Build coordination, core strength, and balance.

The 2018 National Lacrosse League season kicked off on December 1. With the addition of the San Diego Seals and Philadelphia Wings, the league now has 11 teams competing indoors, traditionally on an ice hockey rink covered with artificial turf. To play with the best, these athletes need to be fast and agile with top-notch hand-eye coordination

Furthermore talked with Equinox experts with lacrosse backgrounds about the strength and conditioning drills that helped them step up their games. Even if you don’t pick up a stick yourself, they’ll still propel you in your quest for higher fitness.

Medicine Ball Toss
In lacrosse, rotational strength is king, says Jon Short, a Tier 2 trainer at Wall Street in New York City who played for the University of Pittsburgh. “Having a strong core makes you better at throwing, shooting, cradling, and checking.” This exercise adds power to your rotational movements while providing bursts of cardio, he says. 
How to do it: Stand with a wall about 5 to 6 feet to your right, holding a medicine ball at waist-height. Mimicking the motion of a shot, step to the wall with your right foot, then pivot your body to face the wall, simultaneously throwing the ball (underhand-style) at the wall. Aim high enough that it rebounds back so you can catch it. That’s one rep. Do 3 sets of 10 reps on each side, alternating sides with each set.
 
Gliders Ground Crawl
Having the leg strength to move low to the ground helps you scoop up balls more quickly and efficiently, says Erica Brook, a Tier 2 trainer at Bryant Park in New York City and former high school lacrosse player.
How to do it: Get in a plank position with a glider under each hand. Engage your core and slide the gliders forward slightly, then move your feet to mimic a run (like you would for mountain climbers), pushing your body forward. Push yourself across the length of an Equinox main studio, then back. 

Lateral Shuffle with Offset ViPR Check
“I like using the ViPR because the different grips simulate the offset weight of a lacrosse stick,” says Jay J. Lee, Tier X coach at Highline and E at Madison in New York City who played lacrosse throughout high school. Players need to stay stable even as the weight of their stick shifts when they throw it across their bodies to pass or shoot. This move will improve your balance and hand-eye coordination as well as strengthen your obliques, even if you don’t play the sport. 
How to do it: Stand with feet at shoulder-width, left hand on the edge of a ViPR, and right hand holding the middle handle with a supinated grip. Explosively shuffle to your left for 5 paces and chop horizontally on the last step, then return to start. That’s one rep. Do 5 reps, then switch sides and repeat, switching your hand position. 
 
Dumbbell Pullover
When you pass and shoot in lacrosse, you need to extend the arms overhead and back to build momentum. This exercise helps players throw more powerfully by strengthening the lats, rhomboids, and delts, explains Chris Gambro, Tier 3 trainer at Tribeca in New York City who played lacrosse throughout high school. 
How to do it: Lie on a flat bench with legs bent at 90 degrees and feet planted firmly on the floor. Hold a heavy dumbbell in both hands using a triangular grip, with your palms against the dumbbell’s head and thumbs and forefingers touching. Straighten your arms upward so the weight is above your chest, then lower the weight behind your head until your hands are at bench-height. Slowly return to start for one rep. Do 4 sets of 10 reps with a weight that’s challenging but doesn’t make you sacrifice form.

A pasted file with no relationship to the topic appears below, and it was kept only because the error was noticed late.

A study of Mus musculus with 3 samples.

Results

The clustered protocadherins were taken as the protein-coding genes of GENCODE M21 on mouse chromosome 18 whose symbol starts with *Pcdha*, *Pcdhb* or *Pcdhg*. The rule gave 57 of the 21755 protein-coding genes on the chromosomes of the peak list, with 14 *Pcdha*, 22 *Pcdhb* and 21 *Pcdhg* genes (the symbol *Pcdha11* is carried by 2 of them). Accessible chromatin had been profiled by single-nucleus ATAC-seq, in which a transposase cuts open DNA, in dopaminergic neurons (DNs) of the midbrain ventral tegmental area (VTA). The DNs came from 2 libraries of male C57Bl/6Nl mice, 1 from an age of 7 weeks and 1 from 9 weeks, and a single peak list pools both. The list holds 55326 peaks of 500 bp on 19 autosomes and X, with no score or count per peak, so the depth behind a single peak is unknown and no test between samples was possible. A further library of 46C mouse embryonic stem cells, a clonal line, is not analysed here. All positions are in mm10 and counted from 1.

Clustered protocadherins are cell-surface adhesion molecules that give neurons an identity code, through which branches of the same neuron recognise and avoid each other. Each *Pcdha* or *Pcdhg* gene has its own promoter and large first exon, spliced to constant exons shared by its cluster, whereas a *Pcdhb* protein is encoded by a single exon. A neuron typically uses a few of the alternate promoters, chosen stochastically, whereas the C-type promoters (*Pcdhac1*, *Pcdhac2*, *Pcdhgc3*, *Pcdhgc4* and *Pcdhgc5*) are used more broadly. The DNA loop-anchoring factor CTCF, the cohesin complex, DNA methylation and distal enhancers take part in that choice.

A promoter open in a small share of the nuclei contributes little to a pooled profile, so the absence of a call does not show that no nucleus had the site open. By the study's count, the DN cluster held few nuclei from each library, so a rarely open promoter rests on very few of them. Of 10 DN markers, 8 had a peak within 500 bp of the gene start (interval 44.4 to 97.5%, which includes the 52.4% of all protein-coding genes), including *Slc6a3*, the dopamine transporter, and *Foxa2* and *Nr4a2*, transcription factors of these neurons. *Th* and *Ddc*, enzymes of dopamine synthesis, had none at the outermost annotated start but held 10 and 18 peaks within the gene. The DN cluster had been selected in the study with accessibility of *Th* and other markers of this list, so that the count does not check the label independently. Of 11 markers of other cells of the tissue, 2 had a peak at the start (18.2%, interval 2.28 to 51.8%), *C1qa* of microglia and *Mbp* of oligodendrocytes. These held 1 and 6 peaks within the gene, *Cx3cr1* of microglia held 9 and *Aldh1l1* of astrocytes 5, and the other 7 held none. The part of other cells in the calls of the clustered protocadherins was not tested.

Isometric Split Squat Pallof Press
The anti-rotation component of this move builds coordination and core stability. The isometric split-squat stance also strengthens the legs and improves your ability to move dynamically when passing or shooting on the run, says Anthony Vita, a Tier 1 trainer at Dumbo in Brooklyn who played Division 1 lacrosse at Princeton University in New Jersey.
How to do it: Stand with your feet at shoulder-width and a cable machine to your right, far enough away that there’s tension in the cable. Lower into a split squat with your front leg bent at 90 degrees and your back knee hovering about 2 inches off the ground. Keep as much of your weight on the front leg as possible. Hold the cable with both hands against your chest and press it forward, straightening your arms, then return to start. That’s one rep. Do 5 sets of 4 to 6 reps per side. Resist the urge to twist toward the cable machine.
 
Kettlebell Snatches
The kettlebell snatch is a dynamic movement that requires explosive force and the same mechanical skill as shooting does in lacrosse, says Adam Werdenschlag, fitness manager at Equinox Tribeca in New York City and former University of Maryland men’s lacrosse team captain. It improves core strength, hip power, and trunk mobility. 
How to do it: Stand with feet wider than shoulders with a kettlebell slightly in front of your feet. Push hips back and bend the knees as you lower down to grab the kettlebell with one hand, then immediately extend the hips as you drive your elbow vertically pulling the weight up, keeping it close to the body and catching it overhead. Return to start for one rep. Continue for 1 minute, then switch sides and repeat.